In the basement of Jo’s Nautical Bar, there is a watertight door which is an entrance to the Boston Harbor Tunnel System. The building at 125 Main Street, which is now Jo’s, was a control center for the tunnel system from 1922 till 1952. The door is opened occasionally for tours, and hikers can walk from Hull Gut all the way to Deer Island and several other spots on the harbor.
The Boston Harbor tunnel system is an outgrowth of two earlier networks of tunnels under the harbor which reached from Deer Island to Scituate Harbor. The first tunnels were dug in 1764, from Fort Independence to Fort Warren. Military engineer Sylvanias Thayer greatly extended the system in the early 1800’s to a system of 58 miles of tunnels with many large underground structures. One of these structures included a barracks for 2,000 troops and was connected to Long Island by a mule-driven narrow gauge railway.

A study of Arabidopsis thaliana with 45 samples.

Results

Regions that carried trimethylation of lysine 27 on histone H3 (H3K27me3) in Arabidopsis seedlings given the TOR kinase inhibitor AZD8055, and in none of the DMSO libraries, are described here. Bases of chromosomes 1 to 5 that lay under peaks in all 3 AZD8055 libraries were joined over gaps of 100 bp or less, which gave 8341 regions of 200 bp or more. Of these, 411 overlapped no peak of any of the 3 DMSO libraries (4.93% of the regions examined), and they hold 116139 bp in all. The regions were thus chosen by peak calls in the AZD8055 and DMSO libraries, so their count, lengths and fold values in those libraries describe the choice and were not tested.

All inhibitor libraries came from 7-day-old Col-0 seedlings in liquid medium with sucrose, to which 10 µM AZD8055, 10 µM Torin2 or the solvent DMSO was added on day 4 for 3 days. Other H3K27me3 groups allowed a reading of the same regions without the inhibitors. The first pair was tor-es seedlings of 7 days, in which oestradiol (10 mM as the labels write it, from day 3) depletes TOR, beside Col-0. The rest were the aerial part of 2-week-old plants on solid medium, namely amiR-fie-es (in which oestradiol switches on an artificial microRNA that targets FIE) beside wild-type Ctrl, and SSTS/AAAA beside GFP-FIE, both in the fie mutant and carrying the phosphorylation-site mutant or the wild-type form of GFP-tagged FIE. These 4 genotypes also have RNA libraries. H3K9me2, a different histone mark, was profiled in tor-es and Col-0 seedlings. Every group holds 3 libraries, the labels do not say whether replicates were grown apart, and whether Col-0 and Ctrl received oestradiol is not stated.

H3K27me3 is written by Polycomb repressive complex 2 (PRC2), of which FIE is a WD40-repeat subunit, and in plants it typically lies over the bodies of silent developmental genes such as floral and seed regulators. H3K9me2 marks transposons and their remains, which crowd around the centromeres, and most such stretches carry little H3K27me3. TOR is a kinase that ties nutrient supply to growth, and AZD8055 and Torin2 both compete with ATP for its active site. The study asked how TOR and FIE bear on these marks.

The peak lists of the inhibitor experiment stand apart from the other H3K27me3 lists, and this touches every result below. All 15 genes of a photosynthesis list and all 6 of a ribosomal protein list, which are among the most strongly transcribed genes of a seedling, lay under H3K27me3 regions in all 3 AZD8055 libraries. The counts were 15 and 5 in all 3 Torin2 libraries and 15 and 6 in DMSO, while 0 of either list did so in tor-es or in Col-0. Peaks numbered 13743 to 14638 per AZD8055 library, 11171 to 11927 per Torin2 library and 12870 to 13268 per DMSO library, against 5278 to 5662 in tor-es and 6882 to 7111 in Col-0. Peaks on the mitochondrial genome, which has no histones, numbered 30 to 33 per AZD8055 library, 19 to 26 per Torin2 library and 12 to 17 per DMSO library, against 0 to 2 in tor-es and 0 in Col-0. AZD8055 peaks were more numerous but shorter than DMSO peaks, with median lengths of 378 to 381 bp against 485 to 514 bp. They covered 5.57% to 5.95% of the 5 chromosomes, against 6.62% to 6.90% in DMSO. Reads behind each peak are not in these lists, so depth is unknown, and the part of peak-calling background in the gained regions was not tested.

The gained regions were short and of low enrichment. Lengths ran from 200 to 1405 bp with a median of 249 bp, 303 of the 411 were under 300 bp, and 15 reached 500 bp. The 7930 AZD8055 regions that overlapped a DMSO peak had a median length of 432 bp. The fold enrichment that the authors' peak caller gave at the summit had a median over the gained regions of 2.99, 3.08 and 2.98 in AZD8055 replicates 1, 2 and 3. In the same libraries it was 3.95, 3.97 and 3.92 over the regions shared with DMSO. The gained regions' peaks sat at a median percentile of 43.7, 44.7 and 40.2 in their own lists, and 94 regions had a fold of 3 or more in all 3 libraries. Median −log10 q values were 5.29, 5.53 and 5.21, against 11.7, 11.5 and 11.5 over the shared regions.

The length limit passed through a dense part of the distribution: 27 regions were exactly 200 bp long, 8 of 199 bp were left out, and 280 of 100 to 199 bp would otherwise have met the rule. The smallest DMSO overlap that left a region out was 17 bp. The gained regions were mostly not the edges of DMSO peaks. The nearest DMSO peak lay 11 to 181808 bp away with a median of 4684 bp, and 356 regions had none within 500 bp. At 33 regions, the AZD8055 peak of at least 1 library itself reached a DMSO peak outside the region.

The system got its second major revamp in 1894 when many of the existing harbor fortifications were built or redone. The huge barracks (194 feet below the 23 foot deep bottom) was retained, but 22 miles of the network were sealed off and not maintained. President Hoover toured the tunnels in 1929, walking from Deer Island to Fort Strong on Long Island.
In 1943 the network of tunnels was upgraded, though 5 miles of the older network were sealed off. Now only Great Brewster, Little Brewster (Boston Light), Deer Island, Long Island, and Peddocks Island (two entrances) are served, plus Hull Gut and Weymouth Fore River on the mainland. In recent years tours of the tunnels have been held in April and December (a Christmas eve walk to Boston Light on Little Brewster by Santa and many followers).